Cut-crease eyeshadow: how to apply it on clients
Q: What’s the best way to create the cut-crease make-up look on clients?
Traditional eye contouring is centred around the shape of the eye and tailoring the contour to the individual, whereas the cut-crease trend is a new way to add sophisticated drama, creating depth along the natural arc of the eye, with little or no blending, for a stylish impact.
What I love most about this trend is that it gives immediate lift, adds dimension and is easily adaptable to the shape of any lid. Plus, when executed correctly, it can completely elevate your client’s whole make-up look.
My favourite cut-crease technique is to use a mix of cream and powder shadows with a defined gel liner. For the base colour, start with a lighter, creamy shimmery shadow along the lid, blended from the crease down, then set with a lighter powder shadow.
Then, using a cream gel liner in a deep navy, draw a thick line into the natural fold of the eye lid, starting in the centre then sweeping back and forth until you’ve drawn a defined line from the inner corner of the crease to the outer corner, without extending past the end of the eyebrow.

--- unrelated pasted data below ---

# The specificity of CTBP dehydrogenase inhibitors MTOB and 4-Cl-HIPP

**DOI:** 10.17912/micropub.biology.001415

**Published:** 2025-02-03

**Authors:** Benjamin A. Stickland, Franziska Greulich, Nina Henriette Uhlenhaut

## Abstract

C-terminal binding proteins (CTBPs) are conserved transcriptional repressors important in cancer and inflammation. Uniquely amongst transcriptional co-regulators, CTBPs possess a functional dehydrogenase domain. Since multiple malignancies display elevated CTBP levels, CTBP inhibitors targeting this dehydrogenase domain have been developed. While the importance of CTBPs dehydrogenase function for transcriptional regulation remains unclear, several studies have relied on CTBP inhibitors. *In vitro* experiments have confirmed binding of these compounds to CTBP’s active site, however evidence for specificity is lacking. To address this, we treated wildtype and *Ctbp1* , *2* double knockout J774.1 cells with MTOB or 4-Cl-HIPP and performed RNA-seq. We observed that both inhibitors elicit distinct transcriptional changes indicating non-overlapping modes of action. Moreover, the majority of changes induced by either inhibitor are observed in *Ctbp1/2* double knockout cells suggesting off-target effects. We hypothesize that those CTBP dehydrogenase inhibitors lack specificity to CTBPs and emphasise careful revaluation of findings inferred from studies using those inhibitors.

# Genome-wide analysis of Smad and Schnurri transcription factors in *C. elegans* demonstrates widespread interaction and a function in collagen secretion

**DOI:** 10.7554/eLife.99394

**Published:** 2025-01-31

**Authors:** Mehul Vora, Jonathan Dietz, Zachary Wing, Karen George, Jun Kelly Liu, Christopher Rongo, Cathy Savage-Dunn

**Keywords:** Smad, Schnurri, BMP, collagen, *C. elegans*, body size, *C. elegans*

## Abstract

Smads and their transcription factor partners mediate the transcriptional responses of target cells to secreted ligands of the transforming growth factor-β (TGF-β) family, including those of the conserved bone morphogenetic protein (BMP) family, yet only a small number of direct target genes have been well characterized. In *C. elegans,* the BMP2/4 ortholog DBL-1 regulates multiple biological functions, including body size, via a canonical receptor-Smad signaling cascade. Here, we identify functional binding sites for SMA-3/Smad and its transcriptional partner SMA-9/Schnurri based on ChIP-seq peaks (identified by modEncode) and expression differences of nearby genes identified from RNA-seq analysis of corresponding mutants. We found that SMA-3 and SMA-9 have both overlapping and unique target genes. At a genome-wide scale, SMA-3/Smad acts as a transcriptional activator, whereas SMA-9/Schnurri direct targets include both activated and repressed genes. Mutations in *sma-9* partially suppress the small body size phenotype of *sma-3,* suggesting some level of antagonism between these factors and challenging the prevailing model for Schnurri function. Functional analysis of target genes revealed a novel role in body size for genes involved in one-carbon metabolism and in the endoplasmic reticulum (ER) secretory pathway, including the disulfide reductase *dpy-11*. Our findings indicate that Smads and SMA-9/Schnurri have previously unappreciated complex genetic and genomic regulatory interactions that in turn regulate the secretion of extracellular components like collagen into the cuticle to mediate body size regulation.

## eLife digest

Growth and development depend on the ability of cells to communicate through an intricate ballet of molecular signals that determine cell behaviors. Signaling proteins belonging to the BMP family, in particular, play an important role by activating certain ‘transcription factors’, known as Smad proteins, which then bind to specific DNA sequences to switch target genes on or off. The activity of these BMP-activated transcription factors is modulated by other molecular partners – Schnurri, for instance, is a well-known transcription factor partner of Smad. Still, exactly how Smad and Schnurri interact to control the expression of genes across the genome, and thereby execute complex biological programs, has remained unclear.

The last step in this bold yet balanced shadow look is to blend a complementary powder eyeshadow along the liner, focusing the pigment along the crease. To keep your application looking flawless, blend the shadow into and above the defined line, ensuring it doesn’t fall below the crease.
Tiffany Kissler is director of style and artistry for professional make-up brand Vincent Longo Cosmetics. Kissler has worked as a make-up artist for leading brands Bobbi Brown, Guerlain and Trish McEvoy in the US.